As your law firm migrates to a virtual environment, a critical issue to address is the functionality of your website. Akin to a cross between a road-sign and billboard, your firm’s website serves to direct clients and prospective clients to the resources you can provide, as well as advertise your services to the masses.
Registering as a member with COUNSELUNITED is but one arrow in your firm’s quiver in terms of finding an outlet to display your services. In addition, consider the following criteria to gauge how your firm’s site performs overall:
- Is your site mobile-friendly? According to a Thomson Reuters survey of U.S. Consumer Legal Needs, over half of legal consumers utilize a mobile device to locate attorney services. If your firm’s site isn’t mobile friendly, chances are the consumer will not spend time navigating the site and will continue their search.
- How is the Image Quality? We are in a digital age, with access to high resolution cameras and images literally at our fingertips. Capture your audience with quality visual design, which necessarily includes appealing image resolution. Your clients, and future clients, will thank you.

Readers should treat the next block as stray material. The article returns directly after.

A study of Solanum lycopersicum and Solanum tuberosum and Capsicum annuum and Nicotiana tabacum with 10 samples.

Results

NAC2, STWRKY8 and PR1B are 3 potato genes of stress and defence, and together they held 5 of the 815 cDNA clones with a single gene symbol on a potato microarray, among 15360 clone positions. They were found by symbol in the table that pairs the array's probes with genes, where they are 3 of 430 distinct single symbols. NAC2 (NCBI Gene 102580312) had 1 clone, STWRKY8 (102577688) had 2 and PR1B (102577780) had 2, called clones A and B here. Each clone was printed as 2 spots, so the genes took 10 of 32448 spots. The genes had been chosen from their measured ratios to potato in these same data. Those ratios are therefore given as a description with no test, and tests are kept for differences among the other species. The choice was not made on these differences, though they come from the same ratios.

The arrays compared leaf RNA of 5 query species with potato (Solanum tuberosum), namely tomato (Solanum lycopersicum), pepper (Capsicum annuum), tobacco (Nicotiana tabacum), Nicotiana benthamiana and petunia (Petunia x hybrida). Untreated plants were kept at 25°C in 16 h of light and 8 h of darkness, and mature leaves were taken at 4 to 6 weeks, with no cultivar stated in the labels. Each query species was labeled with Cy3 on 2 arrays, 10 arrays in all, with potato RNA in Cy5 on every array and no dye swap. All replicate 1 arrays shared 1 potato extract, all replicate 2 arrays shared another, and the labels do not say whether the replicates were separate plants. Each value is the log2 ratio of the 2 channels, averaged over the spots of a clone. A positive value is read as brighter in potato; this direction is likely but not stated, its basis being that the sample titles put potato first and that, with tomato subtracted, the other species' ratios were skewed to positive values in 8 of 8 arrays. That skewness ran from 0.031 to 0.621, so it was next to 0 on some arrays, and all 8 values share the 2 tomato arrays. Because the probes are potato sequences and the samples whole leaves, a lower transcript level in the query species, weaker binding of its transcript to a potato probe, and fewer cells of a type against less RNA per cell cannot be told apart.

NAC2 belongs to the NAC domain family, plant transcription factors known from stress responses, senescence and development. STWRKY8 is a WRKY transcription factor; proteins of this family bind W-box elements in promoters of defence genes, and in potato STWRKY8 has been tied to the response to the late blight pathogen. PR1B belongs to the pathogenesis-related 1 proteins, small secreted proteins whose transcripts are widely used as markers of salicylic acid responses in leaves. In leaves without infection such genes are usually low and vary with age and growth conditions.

- User Experience and Simplicity. Ensure your message is crisp, clear and convincing. Consumers tend to turn away from complicated sites – save the legal analysis for your work product or the content section of your website (e.g., blog posts, newsletters, whitepapers, etc.) and make certain the main section of your site is personal and engaging with clear direction as to what you do and how to make contact.
- Who is Your Audience? Understand your audience (e.g., who you want as a client) and write to them, not the population at large.
- Track the Site’s Performance. Maintaining a pulse on your site’s data helps you understand user behavior and what works (or, more importantly, what doesn’t) in terms of drawing attention to your site. If you have not considered site performance, take a spin with Google Analytics and focus on these metrics: site visits, unique visitors, page views and bounce rates (the percentage of visitors who leave your site after viewing a specific page).